Kiera Butler

Kiera Butler

Senior Editor

Kiera answers your green questions every week in her Econundrums column. She was a hypochondriac even before she started researching germ warfare.


The Shutdown Could Make This Serious Salmonella Outbreak Even Worse

| Tue Oct. 8, 2013 12:07 PM EDT

Update: On Tuesday, the CDC recalled some of its furloughed employees to work on the salmonella outbreak. It also discovered that the strain of salmonella seems to be antibiotic resistant. Tom Philpott has the full story here.

Over at Wired, Maryn McKenna reports on a major outbreak of the foodborne illness salmonella. So far, 278 people in 18 states have been sickened with the pathogen, which causes fever, cramps, diarrhea, and in severe cases, even death. In a press release the USDA identified the source of the outbreak as contaminated raw chicken from a producer called Foster Farms and said that the products were sold at supermarkets in Washington State, Oregon, and California. As of 11:30 AM EDT Tuesday, Foster Farms had a note up saying, "No recall is in effect. Products are safe to consume if properly handled and fully cooked." Foster Farms' chicken was linked to another salmonella outbreak—134 illnesses in 13 states—in July, the CDC reported.

Usually when there's an outbreak of this scale, the CDC mobilizes to pinpoint the source of the contaminated food. However, McKenna explains that the shutdown "means that the lab work and molecular detection that can link far-apart cases and define the size and seriousness of outbreaks are not happening." Individual states can use their own resources to trace the outbreak, but so far it looks like they won't be able to use the federal government's databases.

Of course, this is hardly the first recent outbreak of salmonella linked to poultry; Tom Philpott writes about how crowded conditions and overuse of antibiotics on farms make for perfect bacteria breeding grounds here. This CDC graphic shows the growing number of salmonella cases over the past two decades:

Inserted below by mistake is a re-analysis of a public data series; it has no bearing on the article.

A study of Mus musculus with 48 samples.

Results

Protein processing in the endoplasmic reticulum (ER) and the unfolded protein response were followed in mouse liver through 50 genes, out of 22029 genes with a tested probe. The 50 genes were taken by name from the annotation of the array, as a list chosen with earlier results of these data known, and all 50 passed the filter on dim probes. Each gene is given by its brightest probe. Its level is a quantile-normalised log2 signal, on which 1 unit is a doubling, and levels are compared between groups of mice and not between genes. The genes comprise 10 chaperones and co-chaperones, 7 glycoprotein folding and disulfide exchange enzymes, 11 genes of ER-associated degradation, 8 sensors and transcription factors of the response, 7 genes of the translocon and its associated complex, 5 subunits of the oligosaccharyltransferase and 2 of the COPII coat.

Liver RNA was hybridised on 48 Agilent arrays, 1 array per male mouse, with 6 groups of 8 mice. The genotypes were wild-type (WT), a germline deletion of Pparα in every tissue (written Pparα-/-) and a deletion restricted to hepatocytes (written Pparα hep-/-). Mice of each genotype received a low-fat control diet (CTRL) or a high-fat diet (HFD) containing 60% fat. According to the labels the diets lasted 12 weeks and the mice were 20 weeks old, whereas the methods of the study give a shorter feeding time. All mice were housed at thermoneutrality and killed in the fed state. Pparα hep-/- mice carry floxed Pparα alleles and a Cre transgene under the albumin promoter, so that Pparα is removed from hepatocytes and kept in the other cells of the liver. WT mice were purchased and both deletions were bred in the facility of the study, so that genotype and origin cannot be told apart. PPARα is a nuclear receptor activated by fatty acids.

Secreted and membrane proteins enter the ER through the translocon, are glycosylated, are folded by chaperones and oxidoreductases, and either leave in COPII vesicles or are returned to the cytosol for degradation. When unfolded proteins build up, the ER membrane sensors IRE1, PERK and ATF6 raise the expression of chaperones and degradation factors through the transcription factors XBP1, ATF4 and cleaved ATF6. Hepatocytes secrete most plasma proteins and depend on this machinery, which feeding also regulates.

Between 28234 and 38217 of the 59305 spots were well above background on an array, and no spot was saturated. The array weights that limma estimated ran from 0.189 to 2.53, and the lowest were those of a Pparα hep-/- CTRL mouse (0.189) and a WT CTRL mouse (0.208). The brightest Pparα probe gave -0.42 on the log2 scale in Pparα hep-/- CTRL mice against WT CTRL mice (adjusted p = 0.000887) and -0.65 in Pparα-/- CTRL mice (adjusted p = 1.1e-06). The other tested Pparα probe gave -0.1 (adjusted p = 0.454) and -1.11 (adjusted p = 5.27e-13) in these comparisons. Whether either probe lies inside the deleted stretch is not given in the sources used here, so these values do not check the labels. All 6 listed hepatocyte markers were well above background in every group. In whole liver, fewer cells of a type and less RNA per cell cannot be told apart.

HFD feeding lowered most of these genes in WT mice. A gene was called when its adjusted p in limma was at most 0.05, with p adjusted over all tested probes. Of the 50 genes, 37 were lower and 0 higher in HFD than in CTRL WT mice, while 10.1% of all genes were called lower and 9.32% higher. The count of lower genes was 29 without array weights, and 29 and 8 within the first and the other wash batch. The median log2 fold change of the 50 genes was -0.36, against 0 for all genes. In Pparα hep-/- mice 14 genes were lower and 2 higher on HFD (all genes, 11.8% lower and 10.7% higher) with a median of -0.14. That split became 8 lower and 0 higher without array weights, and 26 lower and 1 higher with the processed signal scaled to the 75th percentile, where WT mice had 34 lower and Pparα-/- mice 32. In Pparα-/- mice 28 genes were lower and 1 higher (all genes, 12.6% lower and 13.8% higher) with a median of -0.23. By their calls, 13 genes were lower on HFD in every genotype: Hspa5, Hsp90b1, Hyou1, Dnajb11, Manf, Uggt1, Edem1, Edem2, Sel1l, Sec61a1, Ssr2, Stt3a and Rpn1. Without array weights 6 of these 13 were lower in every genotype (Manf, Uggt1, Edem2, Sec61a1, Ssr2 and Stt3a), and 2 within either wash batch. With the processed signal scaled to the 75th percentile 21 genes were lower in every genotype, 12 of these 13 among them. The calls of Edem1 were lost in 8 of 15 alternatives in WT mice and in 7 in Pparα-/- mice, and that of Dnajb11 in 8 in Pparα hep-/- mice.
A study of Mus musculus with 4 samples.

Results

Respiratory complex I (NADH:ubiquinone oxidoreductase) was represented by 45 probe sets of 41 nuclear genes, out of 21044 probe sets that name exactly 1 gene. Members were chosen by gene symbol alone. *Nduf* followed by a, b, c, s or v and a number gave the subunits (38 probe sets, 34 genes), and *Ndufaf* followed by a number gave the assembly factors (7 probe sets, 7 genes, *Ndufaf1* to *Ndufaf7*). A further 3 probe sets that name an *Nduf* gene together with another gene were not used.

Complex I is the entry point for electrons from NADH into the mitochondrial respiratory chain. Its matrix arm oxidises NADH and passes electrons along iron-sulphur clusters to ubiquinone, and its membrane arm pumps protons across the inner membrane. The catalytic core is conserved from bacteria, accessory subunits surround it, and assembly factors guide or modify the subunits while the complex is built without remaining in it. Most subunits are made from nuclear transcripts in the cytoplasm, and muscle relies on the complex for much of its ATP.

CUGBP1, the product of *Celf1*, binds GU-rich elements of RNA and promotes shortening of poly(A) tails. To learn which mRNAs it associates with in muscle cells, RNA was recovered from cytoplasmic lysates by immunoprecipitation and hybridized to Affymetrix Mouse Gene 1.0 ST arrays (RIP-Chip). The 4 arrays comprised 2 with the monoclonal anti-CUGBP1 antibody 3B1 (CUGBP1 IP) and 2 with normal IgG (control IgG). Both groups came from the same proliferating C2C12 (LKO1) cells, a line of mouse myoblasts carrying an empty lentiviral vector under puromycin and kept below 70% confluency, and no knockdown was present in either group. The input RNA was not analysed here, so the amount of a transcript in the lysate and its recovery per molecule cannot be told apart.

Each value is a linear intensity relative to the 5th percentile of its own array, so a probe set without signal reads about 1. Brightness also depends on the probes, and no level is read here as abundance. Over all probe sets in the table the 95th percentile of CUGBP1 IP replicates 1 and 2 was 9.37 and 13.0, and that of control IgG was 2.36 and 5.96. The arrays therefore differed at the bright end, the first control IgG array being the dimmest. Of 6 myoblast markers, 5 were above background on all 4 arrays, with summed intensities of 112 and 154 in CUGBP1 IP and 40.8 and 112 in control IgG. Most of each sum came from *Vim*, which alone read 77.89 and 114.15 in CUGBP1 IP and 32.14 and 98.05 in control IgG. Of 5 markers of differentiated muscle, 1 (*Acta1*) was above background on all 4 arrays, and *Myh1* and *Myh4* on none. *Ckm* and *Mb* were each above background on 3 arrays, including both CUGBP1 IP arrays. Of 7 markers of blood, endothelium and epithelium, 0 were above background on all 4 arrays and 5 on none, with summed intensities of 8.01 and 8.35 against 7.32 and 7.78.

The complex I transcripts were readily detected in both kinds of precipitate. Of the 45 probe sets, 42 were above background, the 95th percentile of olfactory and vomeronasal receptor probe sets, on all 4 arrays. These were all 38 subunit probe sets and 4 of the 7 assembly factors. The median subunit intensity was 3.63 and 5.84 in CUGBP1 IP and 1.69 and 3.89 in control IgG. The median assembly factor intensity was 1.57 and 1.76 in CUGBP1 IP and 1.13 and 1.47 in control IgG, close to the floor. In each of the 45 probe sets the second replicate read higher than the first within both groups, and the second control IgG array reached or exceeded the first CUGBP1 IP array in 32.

Centers for Disease Control and Prevention

 


| Fri Oct. 4, 2013 3:54 PM EDT

When a patient complains of a sore throat or bronchitis, doctors prescribe antibiotics much more often than is medically necessary. That's the main takeaway of a new study published in the peer-reviewed journal JAMA Internal Medicine. Findings from the National Ambulatory Medical Care Survey and National Hospital Ambulatory Medical Care Survey reveal that doctors prescribed antibiotics to 60 percent of sore throat patients—despite the fact that the drugs are only thought to be necessary in about 10 percent of cases. For acute bronchitis, antibiotics are not recommended at all, yet the researchers—a team from Harvard—found that doctors prescribed antibiotics to an astonishing 73 percent of patients diagnosed with the condition. 

"We use azithromycin for an awful lot of things, and we abuse it terribly," one doctor told the New York Times.

The number of doctor visits for acute bronchitis tripled between 1996 to 2010, from about 1.1 million visits to 3.4 million visits. The number of sore throat visits actually declined from 7.5 percent of all visits in 1997 to 4.3 percent in 2010—and yet the rate of antibiotic prescription remained consistent.

Another interesting finding: the growing popularity of expensive, broad-spectrum antibiotics such as azithromycin over tried-and-true strep-targeting drugs like penicillin. Last year, the New York Times noted that azithromycin "may increase the likelihood of sudden death" in adults who have or are at risk for heart disease. In that piece, Dr. John G. Bartlett, a professor of medicine at Johns Hopkins University School of Medicine, told the Times that he believed that overprescription of azithromycin could also contribute to antibiotc resistance. "We use azithromycin for an awful lot of things, and we abuse it terribly," he said. "It's very convenient. Patients love it. 'Give me the Z-Pak.' For most of where we use it, probably the best option is not to give an antibiotic, quite frankly."

If the looming threat of antibiotic resistance isn't reason enough for concern about doctors' free hand with antibiotics, there's also the considerable cost to our health care system—an estimated $500 million for antibiotics prescribed unnecessarily for sore throat alone between 1997 and 2010. If you include the cost of treating the side effects of unnecessary antibiotics such as diarrhea and yeast infections, the study's authors estimate that the cost would increase 40-fold.

OkCupid's Awkward Response to Boulder Floods

| Mon Sep. 16, 2013 2:28 PM EDT

A friend of mine in Boulder received this message from OkCupid the other day:

1,000 people are still stranded due to the flash floods in Colorado. Maybe not the best time for this spam, OKCupid.